E-Learning on WhatsApp: Building Workforce Capacity in Kenya

By Aludah Anzemo, Digital Health Program Coordinator, PSI and Christine Odour, Sr. Digital Program Manager, PSI

To build health workforce capacity, there’s no need to start from scratch. There are digital tools and platforms that health workers use every day that we can optimize to support provider education and training.

This is the story of how Population Services Kenya and PSI partnered with the Kenyan Ministry of Health (MOH) to incorporate digital tools, like WhatsApp, into capacity building and provider education programs – helping to meet providers where they are, on platforms they are already using.

Why This Matters

COVID-19 reinforced: health workers need tools to get up to speed quickly on emerging health crises and responses. Using our 10 years of experience driving digital health solutions across 40+ countries, and through the Unilever-funded Hygiene Behavior Change Coalition (HBCC) project, we partnered with the Kenyan MOH to scale digital e-Learning tools that equips health workers to build and continually refine their skills – during COVID-19, and beyond.

Building an Accessible e-Learning Tool

We set out to reach 5 thousand public and private sector health workers in Kenya with an e-Learning course on COVID-19 Vaccine. The MoH chose to house this course on WhatsApp since it is easily accessible and used by most health workers. WhatsApp is integrated with the open-source Learning Management Software Moodle in the e-Learning platform Kassai. Kassai captures daily learner experiences and performance on a customized dashboard for MoH members to track progress and identify knowledge gaps.

The learners self-register for the course once they click on this link that guides them to the WhatsApp chat. The course has the following six modules with quiz questions at the beginning and end of each.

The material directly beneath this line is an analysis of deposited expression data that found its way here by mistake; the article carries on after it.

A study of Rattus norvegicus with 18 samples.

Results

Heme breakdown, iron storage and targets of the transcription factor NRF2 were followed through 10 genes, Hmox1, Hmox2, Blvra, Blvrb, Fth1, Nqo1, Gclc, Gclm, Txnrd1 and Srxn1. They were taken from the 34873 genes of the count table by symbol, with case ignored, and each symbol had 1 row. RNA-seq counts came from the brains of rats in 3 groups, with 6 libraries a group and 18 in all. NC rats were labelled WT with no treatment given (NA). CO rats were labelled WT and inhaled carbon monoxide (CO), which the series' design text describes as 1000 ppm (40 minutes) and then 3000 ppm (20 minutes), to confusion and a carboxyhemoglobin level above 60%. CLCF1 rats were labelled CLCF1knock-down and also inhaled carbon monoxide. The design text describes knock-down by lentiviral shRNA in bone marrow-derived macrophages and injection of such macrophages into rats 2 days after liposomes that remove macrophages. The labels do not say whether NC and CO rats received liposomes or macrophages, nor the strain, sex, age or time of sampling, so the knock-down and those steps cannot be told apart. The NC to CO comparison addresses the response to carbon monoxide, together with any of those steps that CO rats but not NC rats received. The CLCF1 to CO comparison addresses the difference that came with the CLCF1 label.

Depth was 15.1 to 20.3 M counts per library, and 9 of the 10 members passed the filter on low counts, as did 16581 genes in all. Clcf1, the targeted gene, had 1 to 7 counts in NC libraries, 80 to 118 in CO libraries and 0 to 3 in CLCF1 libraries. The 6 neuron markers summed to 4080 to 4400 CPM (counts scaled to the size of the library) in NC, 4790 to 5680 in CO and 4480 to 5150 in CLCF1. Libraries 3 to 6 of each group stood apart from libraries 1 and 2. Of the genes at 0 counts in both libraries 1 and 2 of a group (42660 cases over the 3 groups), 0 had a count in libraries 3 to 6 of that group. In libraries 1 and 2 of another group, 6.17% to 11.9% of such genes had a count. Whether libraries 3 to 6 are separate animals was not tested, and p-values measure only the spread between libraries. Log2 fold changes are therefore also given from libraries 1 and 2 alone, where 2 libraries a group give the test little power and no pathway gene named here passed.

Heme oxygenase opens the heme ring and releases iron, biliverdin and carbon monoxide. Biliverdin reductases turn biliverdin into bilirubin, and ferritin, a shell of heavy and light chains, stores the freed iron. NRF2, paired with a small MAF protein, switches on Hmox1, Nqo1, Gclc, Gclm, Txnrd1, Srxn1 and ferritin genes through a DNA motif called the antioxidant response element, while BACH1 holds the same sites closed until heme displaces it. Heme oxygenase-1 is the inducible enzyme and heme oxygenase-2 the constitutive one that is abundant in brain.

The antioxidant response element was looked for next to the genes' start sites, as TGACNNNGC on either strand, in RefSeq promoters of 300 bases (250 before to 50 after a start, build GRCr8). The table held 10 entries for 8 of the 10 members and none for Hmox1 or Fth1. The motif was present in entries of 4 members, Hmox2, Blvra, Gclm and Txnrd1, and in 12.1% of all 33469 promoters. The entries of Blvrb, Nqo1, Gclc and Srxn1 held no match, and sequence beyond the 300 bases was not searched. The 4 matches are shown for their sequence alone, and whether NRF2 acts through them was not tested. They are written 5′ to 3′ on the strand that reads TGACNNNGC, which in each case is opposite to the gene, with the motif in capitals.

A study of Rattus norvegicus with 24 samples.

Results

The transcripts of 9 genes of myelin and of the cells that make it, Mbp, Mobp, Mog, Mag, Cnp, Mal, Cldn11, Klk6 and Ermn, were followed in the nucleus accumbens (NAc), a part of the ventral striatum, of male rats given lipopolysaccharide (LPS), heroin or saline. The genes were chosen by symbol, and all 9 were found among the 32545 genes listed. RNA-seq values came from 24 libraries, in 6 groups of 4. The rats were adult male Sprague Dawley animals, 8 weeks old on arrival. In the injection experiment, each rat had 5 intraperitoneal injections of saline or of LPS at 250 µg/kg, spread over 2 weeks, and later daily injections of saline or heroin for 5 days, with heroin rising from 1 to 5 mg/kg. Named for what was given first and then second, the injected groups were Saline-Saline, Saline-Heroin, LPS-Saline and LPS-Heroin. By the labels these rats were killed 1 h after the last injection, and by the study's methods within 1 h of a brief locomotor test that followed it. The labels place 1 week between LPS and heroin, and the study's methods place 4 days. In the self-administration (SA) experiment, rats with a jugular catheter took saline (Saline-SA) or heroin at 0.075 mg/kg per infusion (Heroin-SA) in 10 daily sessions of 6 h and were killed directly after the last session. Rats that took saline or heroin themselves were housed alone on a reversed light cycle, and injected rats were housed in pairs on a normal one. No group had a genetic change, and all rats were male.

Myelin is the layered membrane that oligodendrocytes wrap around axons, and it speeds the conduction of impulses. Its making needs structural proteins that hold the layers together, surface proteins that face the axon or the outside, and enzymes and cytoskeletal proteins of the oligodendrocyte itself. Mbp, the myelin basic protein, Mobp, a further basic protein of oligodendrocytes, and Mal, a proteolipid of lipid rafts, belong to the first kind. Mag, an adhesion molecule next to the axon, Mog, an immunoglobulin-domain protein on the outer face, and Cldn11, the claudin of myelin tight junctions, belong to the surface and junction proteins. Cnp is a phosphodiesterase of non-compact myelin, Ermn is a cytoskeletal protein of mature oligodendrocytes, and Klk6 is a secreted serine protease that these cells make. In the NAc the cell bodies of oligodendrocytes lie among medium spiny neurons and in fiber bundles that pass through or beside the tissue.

• Module 1: COVID-19 Introduction and Background,
  • Module 2: Introduction to COVID-19 Vaccines,
  • Module 3: COVID-19 Vaccines in Kenya,
  • Module 4: COVID 19 Vaccine Safety,
  • Module 5: COVID-19 Information, Education and Communication,
  • Module 6: Common Myths and Frequently asked Questions on COVID-19 Vaccination

Launched in November 2022, after three months, the course has 3,369 users and 2,382 of them (71%) are female. Overall, the course has an engagement rate of 73% (2,465 users have started module 1) and a completion rate of 69% (2,317 users have taken the post-test). 85% of the users who have completed the test have attained the required minimum fifty percent grade.

Applicable Learnings
  1. Build demand by spreading the word: To ensure that the course reaches a wide audience of health workers across the country, MoH members held sensitization workshops in three Kenya counties with lowest COVID-19 vaccine uptake and high COVID-19 infections: Nairobi, Mombasa and Kiambu. MoH representatives also went online to promote the course through existing WhatsApp groups of health providers. Population Services Kenya helped to promote the course using an education campaign on their Facebook page.
  2. Health workers are busy. Incentivize providers to complete the training: To incentivize completing the course, the Nursing Council of Kenya and Council of Clinical Officers agreed that nurses and clinical officers who successfully complete the e-Learning course are eligible for twenty continuous professional development points which contribute towards the total points needed for their license renewal.
  3. No need to reinvent the wheel. Start with provider insights, and go from there: The world is becoming increasingly connected, building a strong foundation for digital health solutions. PSI aims to develop e-Learning approaches to support digital capacity building strategies for frontline health workers, but we do not need to reinvent the wheel. Like we did in Kenya, putting e-Learning tools on platforms health providers are already using helps to build accessible, sustainable, and effective education programs that drive impact.

As we build capacity, health workers can more effectively deliver high quality care in their communities. Taking learnings from Kenya, PSI will continue to collaborate with governments and MoH members to identify capacity building opportunities using digital health tools.